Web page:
It was Larry vs. Larry as two powerful chief executives of two of the most successful tech companies squared off in court in person.
The rare appearance of two chiefs squaring off was part of a civil court trial that began this week. Oracle and Google are fighting over whether Google’s Android operating system violates copyright on Java, the open-source computing language that Oracle got when it acquired Sun Microsystems. It may last a while, but within a couple of days the arguments are clear.
Oracle says Google went out of its way to avoid getting a license to use Java, and has shared internal Google e-mailsto suggest as much. Google says Java is free, and cites an Oracle post to that effect. Therefore, Google says, we don’t need a license.
In terms of trial theater, the best stuff was probably the sight of the two Larrys: Larry Ellison, Oracle chief executive, and Larry Page, Google chief executive, making their respective cases. Mr. Ellison was, by most accounts, smooth, if occasionally tripped up by Google’s lawyers about whether or not Java was free. Mr. Page toed the company line, repeatedly stating, “we did nothing wrong.”
The trial will most likely move deeper into the weeds, on issues like whether or not Application Programming Interfaces, or A.P.I.’s, can be copyrighted, or otherwise considered differently than underlying software languages. Another issue is whether Android is so closely following Java as to be a copy (unless you are a hard-core programmer, if you like being certain you do not want to be on this jury).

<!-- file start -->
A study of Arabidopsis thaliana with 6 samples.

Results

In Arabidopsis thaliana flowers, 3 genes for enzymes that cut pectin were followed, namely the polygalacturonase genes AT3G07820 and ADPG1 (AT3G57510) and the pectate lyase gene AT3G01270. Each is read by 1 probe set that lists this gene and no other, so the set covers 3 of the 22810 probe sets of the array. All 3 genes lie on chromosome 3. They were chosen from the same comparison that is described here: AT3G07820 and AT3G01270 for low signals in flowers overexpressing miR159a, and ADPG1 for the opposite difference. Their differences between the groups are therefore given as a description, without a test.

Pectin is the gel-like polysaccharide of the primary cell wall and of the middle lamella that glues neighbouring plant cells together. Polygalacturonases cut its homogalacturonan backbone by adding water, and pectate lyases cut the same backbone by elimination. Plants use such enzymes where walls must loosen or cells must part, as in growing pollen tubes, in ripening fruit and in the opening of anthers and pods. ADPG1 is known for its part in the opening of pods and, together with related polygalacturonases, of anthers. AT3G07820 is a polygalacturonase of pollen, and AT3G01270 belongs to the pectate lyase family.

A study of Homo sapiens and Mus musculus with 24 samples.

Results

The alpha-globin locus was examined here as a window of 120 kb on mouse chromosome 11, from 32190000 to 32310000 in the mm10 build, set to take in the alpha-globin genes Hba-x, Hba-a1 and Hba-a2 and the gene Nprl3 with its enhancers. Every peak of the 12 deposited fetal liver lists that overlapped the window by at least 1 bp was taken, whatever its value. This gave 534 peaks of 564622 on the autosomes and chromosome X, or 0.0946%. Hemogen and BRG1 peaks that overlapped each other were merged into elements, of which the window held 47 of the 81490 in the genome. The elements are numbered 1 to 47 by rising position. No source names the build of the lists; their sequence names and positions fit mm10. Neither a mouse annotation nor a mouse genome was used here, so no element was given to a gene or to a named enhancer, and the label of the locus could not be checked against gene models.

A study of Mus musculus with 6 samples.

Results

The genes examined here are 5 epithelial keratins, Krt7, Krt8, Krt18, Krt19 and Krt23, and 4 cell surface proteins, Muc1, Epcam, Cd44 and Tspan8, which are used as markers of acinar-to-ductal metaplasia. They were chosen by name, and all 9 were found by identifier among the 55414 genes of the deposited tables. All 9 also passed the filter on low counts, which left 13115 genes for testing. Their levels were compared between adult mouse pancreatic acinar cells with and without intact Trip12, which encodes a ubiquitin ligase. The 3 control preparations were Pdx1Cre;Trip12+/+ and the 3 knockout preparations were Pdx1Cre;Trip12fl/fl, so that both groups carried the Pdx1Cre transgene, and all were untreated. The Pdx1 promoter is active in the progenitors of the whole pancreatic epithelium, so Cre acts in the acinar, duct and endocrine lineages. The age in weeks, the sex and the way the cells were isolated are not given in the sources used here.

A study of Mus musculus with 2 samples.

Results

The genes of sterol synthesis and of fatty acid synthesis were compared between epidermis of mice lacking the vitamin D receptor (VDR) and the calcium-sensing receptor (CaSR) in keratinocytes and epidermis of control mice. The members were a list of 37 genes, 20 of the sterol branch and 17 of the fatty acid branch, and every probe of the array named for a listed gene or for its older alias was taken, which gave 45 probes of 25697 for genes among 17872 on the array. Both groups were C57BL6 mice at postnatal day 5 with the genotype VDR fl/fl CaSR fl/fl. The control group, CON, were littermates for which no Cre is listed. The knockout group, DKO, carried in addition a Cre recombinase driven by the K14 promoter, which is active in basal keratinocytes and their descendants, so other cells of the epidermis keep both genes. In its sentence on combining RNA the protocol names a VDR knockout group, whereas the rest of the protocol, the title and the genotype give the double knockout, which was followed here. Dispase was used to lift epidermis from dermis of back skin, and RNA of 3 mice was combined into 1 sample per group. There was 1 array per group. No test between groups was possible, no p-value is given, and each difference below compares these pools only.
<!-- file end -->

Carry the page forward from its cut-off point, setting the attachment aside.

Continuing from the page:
Don’t be fooled by the descent into nuance, however: for much of the industry, and for Oracle in particular, the stakes are potentially high. Much future success of Android depends on whether it is free, or whether Oracle gets to charge Google or Android manufacturers a license fee for things like brand, compatibility or certification.
If Android remains free, Android can continue to move into more phones and other devices, possibly including computer servers, at no cost. If it does start to cost money to use Android, then other operating system manufacturers, particularly Microsoft, will have a better shot of a meaningful presence in the market.
“Obviously, money is what it is all about,” said Al Hilwa, an analyst with IDC. “The issue is whether it is something short term or something more strategic. For Oracle, Java has to be preserved, and part of an ecosystem. It would help them if Android is considered part of Java. And Google would likely say that this process is not fast enough, that would make it hard to compete with the iPhone.” He characterized the trial as “a draw, so far.”
There is still a chance the two sides will come to an agreement outside of the trial itself, particularly if one side feels it might lose. Corporate lawsuits are often negotiations by other means.